Exposure to common pregnancy complications unlikely to lead to harmful molecular changes across a baby’s life

A large international study has found broadly similar molecular profiles across life in people born after exposure to common pregnancy and perinatal complications and those not exposed to common pregnancy and perinatal complications.

Some women experience health problems during pregnancy. Among common complications of pregnancy are high blood pressure without high levels of protein in the woman’s urine (gestational hypertension), high blood pressure with high levels of protein in their urine that might be indicative of kidney damage (pre-eclampsia), high blood sugar that develops in pregnancy and usually disappears after giving birth (gestational diabetes), their infant being born before 37 weeks of pregnancy (preterm birth), and being born small or large for their gestational age (a baby that is born smaller or larger than the usual size for the number of weeks of pregnancy).

Research suggests that these complications might lead to a worse cardiovascular health profile for the baby during their childhood and beyond. However, their links with underlying molecular traits related to cardiovascular health in early and later life have not been examined. This is what this new study set out to find.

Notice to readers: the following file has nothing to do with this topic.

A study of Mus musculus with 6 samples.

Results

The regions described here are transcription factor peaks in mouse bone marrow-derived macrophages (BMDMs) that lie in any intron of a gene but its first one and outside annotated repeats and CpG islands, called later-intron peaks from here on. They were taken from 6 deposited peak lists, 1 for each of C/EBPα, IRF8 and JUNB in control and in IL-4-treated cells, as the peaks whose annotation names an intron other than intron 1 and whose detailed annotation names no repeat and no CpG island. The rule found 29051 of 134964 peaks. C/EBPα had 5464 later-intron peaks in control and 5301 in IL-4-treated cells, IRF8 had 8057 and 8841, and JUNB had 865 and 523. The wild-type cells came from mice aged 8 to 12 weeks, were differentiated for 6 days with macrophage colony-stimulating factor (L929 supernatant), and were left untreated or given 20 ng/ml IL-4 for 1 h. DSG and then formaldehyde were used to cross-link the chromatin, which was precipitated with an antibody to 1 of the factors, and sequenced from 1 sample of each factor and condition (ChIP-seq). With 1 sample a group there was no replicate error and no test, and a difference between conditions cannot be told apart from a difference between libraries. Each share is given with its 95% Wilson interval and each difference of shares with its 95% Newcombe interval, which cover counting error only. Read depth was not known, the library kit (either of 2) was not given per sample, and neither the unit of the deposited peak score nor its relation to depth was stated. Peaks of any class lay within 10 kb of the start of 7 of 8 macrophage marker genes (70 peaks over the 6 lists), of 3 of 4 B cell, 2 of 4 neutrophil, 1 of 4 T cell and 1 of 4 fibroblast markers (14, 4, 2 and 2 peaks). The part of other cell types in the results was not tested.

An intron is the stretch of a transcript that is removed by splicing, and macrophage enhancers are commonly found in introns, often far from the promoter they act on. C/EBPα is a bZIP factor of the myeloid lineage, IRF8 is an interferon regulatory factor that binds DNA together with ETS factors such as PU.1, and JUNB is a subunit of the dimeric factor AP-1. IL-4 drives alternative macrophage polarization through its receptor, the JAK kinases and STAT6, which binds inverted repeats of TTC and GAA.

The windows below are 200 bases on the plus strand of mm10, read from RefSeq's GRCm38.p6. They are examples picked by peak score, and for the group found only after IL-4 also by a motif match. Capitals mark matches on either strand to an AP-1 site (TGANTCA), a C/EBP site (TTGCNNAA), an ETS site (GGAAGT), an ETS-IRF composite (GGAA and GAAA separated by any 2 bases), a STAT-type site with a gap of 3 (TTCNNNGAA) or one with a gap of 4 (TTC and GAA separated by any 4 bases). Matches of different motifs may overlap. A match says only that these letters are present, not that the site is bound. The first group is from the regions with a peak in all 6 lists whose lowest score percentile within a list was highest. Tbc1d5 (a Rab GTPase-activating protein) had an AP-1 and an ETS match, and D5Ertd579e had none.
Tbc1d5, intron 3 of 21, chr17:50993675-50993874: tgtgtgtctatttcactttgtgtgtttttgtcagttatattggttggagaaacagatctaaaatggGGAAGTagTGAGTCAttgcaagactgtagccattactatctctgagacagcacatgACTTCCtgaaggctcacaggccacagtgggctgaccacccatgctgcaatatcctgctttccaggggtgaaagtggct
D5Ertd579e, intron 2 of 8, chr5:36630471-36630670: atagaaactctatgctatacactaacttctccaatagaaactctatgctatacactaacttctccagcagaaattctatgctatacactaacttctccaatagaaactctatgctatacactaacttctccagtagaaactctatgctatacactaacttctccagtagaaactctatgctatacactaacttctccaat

The researchers analysed harmonised data on more than 24,000 people aged from newborns to people in their 60s. The participants were recruited from across nine birth cohort studies in the UK, Finland, Netherlands, and Australia, including from the Avon Longitudinal Study of Parents and Children, the Northern Finland Birth Cohorts, and the Generation R Study. The child’s exposure to complications of pregnancy was extracted from medical records or was reported by the mothers’ using questionnaires. Blood samples were then taken from each participant and analysed to measure levels of more than 150 molecules that reflected features such as cholesterol, amino acids, fluid balance, and inflammation. The researchers grouped the participants by age to assess how common pregnancy and perinatal complications might relate to the molecular profile in newborns, infants, children, adolescents, and adults.

The study’s main finding was that exposure to common pregnancy and perinatal complications was related to differences in only a few molecules, with most of these differences only found in newborns and not at older ages. These findings are reassuring as they suggest little evidence of wide-spread and long-term impact of the common pregnancy and perinatal complications on the baby’s molecular profile across life. This evidence should also help to reduce concerns in  mothers (and their partners and offspring) who have experienced these pregnancy related complications.



Elhakeem A, Ronkainen J, Mansell T, et al. Effect of common pregnancy and perinatal complications on offspring metabolic traits across the life course: a multi‑cohort study. BMC Medicine. 2023, 21(23). https://doi.org/10.1186/s12916-022-02711-8


This project was a collaboration between multiple EU projects that received funding from the European Union’s Horizon 2020 research and innovation programme under grant agreements No. 733206 (LifeCycle), No. 874739 (LongITools) and No. 101021566 (A.R.T-HEALTH Partnership).